Sydney, Australia—Natural color diamonds allow luxury jewelers to offer clients something that’s both unique and that can’t be shopped online. But the window of opportunity to buy pink, purple, or red diamonds may be closing very soon, warns Russell Shor, senior industry analyst for GIA (Gemological Institute of America). Australia’s Argyle mine, the premier source of these colors, is almost tapped out. While a closing date hasn’t been announced, Shor predicts it may come even as early as 2020. Left: the 2.28-ct. oval Argyle Muse, one of the named “hero” stones in the 2018 Argyle Pink Tender, is the largest and only fancy purplish red diamond over two carats ever offered in an Argyle Tender.
“Argyle really helped put fancy color diamonds on radar,” says Shor. “Today we take them for granted because we’ve been seeing them for almost 35 years and they’ve been part of our existence that long. Rio Tinto (owner of the Argyle mine) has said before that they’re closing the mine, then they found a way to keep it open. But it seems like they really mean it this time and 2020 might be the end.”
But there’s at least one more year to acquire some top pinks, as Rio Tinto last week kicked off its 2018 annual Pink Diamond Tender tour, featuring 63 stones including a collection of six magnificent named “hero” stones of deep intense color and large size.
Until the 1980s, most consumers had heard of the Hope and might have seen a yellow diamond here or there, but generally didn’t otherwise know that diamonds come in every color of the rainbow, says Shor. That all changed in 1985, when Argyle became the leading source of pink diamonds. Meanwhile, Christie’s and Sotheby’s auction houses also began featuring fancy color diamonds in the 1980s, and in 1987 a ruby red diamond was first gemstone ever to sell for more than $1 million per carat. Then GIA revamped its fancy color diamond grading system in 1995 to make it more detailed in describing color, adding terms like intense, vivid, and deep, says Shor. All this contributed to creating a viable new category for luxury jewelers.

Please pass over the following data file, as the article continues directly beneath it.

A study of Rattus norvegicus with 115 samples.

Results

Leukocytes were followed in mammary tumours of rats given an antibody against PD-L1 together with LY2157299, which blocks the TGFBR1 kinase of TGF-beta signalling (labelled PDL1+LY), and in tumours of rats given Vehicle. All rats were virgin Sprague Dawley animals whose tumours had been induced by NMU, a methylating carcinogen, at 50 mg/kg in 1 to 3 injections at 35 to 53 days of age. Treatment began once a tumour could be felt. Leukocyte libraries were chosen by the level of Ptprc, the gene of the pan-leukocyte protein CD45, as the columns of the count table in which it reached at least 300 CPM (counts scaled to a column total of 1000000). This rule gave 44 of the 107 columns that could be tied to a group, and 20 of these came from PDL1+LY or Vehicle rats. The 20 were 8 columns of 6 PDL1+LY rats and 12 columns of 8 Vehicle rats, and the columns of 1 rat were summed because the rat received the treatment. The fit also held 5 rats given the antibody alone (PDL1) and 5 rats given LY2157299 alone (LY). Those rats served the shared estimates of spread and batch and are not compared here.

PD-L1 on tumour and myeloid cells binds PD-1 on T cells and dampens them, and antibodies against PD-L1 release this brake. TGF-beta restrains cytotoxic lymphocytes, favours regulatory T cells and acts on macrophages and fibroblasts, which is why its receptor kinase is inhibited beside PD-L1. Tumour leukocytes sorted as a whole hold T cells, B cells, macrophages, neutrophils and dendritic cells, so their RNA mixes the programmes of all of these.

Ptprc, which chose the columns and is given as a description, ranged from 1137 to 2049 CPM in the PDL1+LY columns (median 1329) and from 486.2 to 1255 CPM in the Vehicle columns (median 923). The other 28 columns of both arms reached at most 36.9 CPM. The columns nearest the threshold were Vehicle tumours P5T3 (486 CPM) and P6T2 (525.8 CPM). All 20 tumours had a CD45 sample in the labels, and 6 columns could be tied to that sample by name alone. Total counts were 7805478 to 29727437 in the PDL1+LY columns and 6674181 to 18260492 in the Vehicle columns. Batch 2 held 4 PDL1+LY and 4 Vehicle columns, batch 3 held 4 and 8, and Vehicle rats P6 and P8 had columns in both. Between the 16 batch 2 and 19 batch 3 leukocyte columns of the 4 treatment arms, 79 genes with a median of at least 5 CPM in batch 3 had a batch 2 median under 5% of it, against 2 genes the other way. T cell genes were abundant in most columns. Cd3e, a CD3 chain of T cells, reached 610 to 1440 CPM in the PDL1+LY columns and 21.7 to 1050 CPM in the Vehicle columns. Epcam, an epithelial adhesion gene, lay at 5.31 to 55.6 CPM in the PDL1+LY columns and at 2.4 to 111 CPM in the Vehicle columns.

Argyle annually culls its top pinks from each year’s production and sells them in tender auctions. The tenders, which travel around the world, are held each fall and jewelers and diamond dealers are invited to view the stones and place sealed bids, with the winners unveiled at the end of the tour. About 1800 fancy color diamonds ranging from 0.5 to 4.0 carats, have gone through the tender in 33 years. The 2018 tender opened with a preview in Sydney last week, and will travel to Hong Kong and New York before bids close on October 10. In total, the 2018 tender’s 63 stones weigh a total of 51.48 carats, and include five fancy reds, two purplish reds, and three violet diamonds in addition to a variety of pinks.
More “hero” stones in the 2018 Argyle Pink Diamond Tender include the Argyle Alpha, a 3.14-ct emerald cut fancy vivid purplish pink; the Argyle Maestro, a 1.29-ct square radiant fancy vivid purplish pink, and the Argyle Alchemy, a 1.57-ct princess cut fancy dark gray-violet.
At its peak, the Argyle mine yielded 30 to 40 million carats of diamonds annually. But only a fraction of Argyle’s annual production is pink or other high-end fancies. Most of its output is exactly the opposite: lower quality small sizes in K, L, M or lower colors, typically brownish or sometimes grayish. Even as the mine played a pivotal role in establishing fancy color diamonds as a viable category for better independent jewelers, it also played a central role in the creation of a whole new category of jewelry—the $99 one-carat tennis bracelet—and hundreds of thousands of jobs. Argyle’s production essentially built India’s diamond industry into today’s colossus.
But Argyle produced only 17 million carats last year, said Shor, less than half its peak output. Despite its pinks, its overall production value last year was about $15 per carat. Most of its material—the low-end goods—isn’t appreciating much in price, while mining costs are soaring and synthetic diamonds are becoming more prevalent. All told, it’s ample justification for closing the mine.
Argyle’s closure won’t kill the low-end market, says Shor. Russia’s Alrosa mine is picking up some, though not all, of the low-end production, and a lot more is coming back through recycled jewelry. And, of course, there’s the whole new addition of synthetics that didn’t exist in commercially viable quantities when Argyle started.
But for the high end, Argyle’s closure is going to mean rocketing values on its pinks, reds, and purples, says Shor.
“What happens when Argyle closes? Pinks, reds, et cetera will become legendary stones. They’ll be named Argyle pinks in auction catalogs of 50 years from now, if not sooner.”
There is precedent for this, he says: Kashmir sapphires and Golconda diamonds.
“Today Kashmirs sell for more than double of any other sapphires. You look at that color and it can be nothing but a Kashmir. That color, plus the velvety inner glow it has, screams Kashmir. In the years to come, Argyle will probably be in that category. Most of Argyle’s pinks are purplish pinks and magnificent to look at.”
And even after 400 years, the name Golconda is synonymous with rare Type IIa diamonds, he added. Many have been recut but those that can be identified as Golconda command premiums. In 2012, a 76.02 D-flawless sold for $21 million at Christie’s Geneva. It was almost $100,000 beyond the $150,000/carat that D flawless usually sell for at auction.